Nixon and Kissinger: Partners in Power

Nixon and Kissinger: Partners in Power


More than thirty years after working side by side in the White House, Richard Nixon and Henry Kissinger still stand as two of the most compelling, contradictory, and powerful leaders in America in the second half of the twentieth century. Both were largely self-made men, brimming with ambition, driven by their own inner demons, and often ruthless in pursuit of their goals. From January 1969 to August 1974, their collaboration and rivalry resulted in the making of foreign policy that would leave a defining mark on the Nixon presidency.

Tapping into a wealth of recently declassified documents and tapes, Robert Dallek uncovers fascinating details about Nixon and Kissinger's tumultuous personal relationship and the extent to which they struggled to outdo each other in the reach for foreign policy achievements. With unprecedented detail, Dallek reveals Nixon's erratic behavior during Watergate and the extent to which Kissinger was complicit in trying to help Nixon use national security to prevent his impeachment or resignation.

Illuminating, authoritative, revelatory, and utterly engrossing, Nixon and Kissinger provides a startling new picture of the immense power and sway these two men held in affecting world history.

Product Details

ISBN-13: 9780061256424
Publisher: HarperCollins Publishers
Publication date: 04/24/2007
Edition description: 10 Compact Discs, 11 Hours, Unabridged
Pages: 10
Product dimensions: 5.30(w) x 5.80(h) x 1.50(d)

About the Author

Robert Dallek is the author of An Unfinished Life: John F. Kennedy, 1917-1963 and Nixon and Kissinger, among other books. His writing has appeared in The New York Times, The Washington Post, The Atlantic Monthly, and Vanity Fair. He lives in Washington, D.C.

Eric Conger's stage credits include appearances Off-Broadway and at the Long Wharf Theater. He has appeared as a regular on Another World and Loving, and has translated the works of Feydeau.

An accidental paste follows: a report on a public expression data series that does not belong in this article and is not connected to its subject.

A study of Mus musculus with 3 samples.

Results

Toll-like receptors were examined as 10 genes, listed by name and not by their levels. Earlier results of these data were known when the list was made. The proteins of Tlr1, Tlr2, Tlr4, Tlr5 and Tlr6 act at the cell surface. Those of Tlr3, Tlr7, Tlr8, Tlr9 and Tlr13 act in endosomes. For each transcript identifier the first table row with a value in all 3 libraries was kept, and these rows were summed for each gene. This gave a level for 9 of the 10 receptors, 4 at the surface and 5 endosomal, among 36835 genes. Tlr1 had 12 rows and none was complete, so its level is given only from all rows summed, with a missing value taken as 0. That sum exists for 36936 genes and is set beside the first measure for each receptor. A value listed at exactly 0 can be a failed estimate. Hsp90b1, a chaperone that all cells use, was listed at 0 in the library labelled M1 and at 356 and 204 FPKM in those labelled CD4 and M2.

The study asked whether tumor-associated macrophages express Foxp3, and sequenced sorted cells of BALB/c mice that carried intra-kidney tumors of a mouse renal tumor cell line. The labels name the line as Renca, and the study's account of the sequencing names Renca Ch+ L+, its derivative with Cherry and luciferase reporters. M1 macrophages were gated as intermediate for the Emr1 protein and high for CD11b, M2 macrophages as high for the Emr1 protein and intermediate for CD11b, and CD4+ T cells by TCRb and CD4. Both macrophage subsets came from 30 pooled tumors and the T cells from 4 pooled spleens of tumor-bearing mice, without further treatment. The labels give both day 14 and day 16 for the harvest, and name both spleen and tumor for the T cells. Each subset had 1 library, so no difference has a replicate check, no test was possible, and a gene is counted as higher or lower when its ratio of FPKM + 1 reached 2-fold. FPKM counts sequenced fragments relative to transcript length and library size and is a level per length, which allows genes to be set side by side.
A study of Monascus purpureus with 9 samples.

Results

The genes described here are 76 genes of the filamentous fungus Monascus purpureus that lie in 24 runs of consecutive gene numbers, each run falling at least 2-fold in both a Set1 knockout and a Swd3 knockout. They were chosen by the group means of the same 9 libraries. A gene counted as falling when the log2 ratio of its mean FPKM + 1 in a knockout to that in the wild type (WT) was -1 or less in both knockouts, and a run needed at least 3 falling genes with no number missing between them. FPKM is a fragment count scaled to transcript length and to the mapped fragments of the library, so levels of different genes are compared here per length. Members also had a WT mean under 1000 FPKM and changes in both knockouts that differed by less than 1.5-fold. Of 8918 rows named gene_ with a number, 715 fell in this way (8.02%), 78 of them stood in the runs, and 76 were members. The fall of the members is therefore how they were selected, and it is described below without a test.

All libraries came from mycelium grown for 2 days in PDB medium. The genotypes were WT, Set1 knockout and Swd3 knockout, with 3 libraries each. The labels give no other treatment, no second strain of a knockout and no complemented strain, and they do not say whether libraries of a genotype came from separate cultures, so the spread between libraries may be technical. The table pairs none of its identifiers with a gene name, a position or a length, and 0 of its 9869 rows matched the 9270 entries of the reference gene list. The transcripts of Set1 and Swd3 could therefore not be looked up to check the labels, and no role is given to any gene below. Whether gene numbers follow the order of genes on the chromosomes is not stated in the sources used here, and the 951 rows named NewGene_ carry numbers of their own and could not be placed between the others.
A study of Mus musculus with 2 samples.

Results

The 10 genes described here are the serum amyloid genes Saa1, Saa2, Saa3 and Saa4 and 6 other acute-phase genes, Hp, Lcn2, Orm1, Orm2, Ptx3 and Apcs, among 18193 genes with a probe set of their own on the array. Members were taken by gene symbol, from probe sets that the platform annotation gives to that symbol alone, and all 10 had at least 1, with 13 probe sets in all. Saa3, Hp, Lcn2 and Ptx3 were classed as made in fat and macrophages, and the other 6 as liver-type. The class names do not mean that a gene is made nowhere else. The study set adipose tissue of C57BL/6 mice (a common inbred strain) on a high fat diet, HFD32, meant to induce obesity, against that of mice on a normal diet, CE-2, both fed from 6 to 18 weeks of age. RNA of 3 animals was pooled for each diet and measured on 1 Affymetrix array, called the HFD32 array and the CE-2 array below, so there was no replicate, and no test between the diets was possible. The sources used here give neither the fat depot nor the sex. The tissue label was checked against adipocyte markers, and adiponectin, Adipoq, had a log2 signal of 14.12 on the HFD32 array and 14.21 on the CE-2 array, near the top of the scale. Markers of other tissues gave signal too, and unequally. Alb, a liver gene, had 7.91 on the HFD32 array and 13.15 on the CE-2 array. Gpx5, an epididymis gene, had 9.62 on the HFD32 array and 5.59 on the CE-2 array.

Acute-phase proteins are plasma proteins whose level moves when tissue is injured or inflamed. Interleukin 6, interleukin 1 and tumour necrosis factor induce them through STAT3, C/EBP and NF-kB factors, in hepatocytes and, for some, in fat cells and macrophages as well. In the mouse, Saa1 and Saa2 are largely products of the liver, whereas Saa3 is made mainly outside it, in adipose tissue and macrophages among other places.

Ryan-50 More than 1 year ago
Was good book in showing the relationship between these men. Very well researched. At times, was hard to follow the sequence of events.
Robert Dallek, biographer of Presidents Kennedy and Johnson, has now written an account of the Nixon presidency, but it is not as good as Seymour Hersh¿s magnificent The Price of Power. In July 1968 Nixon and Kissinger told President Thieu of South Vietnam to reject US calls to begin participating in peace talks. In doing so, they broke the US law against private citizens conducting diplomatic negotiations. Nixon campaigned on a platform of ending the war, yet sabotaged Johnson¿s final efforts to negotiate, and then escalated the war. Nixon and Kissinger always opposed unilateral withdrawal. They aimed to continue the US aggression against Vietnam until victory could be achieved. When they talked of an `honourable settlement¿, they meant one that achieved all the USA¿s war aims. More US soldiers would have to die so that the earlier deaths would not have been in vain, which, absurdly, equates to saving the dead. Nixon and Kissinger cruelly indulged in sunshine talk about the war, promising the American people that one last push, one more invasion, would bring victory. But the truth was that the USA had lost. There was no alternative to withdrawal: their only choice was whether to end the war swiftly, or end it a bit later after killing yet more Vietnamese and having even more American soldiers killed pointlessly '20,000 were killed under Nixon'. Nixon and Kissinger never grasped that a quick exit from Vietnam would have helped, not undermined, US credibility. They never asked other governments what they thought about a speedy exit. Détente was just a cynical device to try to divide Vietnam from its allies, and it failed. Dallek concludes that Nixon and Kissinger¿s policy towards Vietnam ¿was a disaster. Administration actions destabilized Cambodia, expended thousands of American, Vietnamese and Cambodian lives, gained no real advantage and divided the country.¿ Actually, Nixon virtually united the country against him and against the war: by 1969, 71% of the American people wanted Nixon to withdraw 100,000 troops from Vietnam by the end of the year. Nixon and Kissinger claimed that their policies were realistic and intelligent, but neither could see that the Vietnamese people were justly fighting for their national liberation. Nixon and Kissinger were not the tragic, flawed heroes that Dallek portrays but despicable war criminals.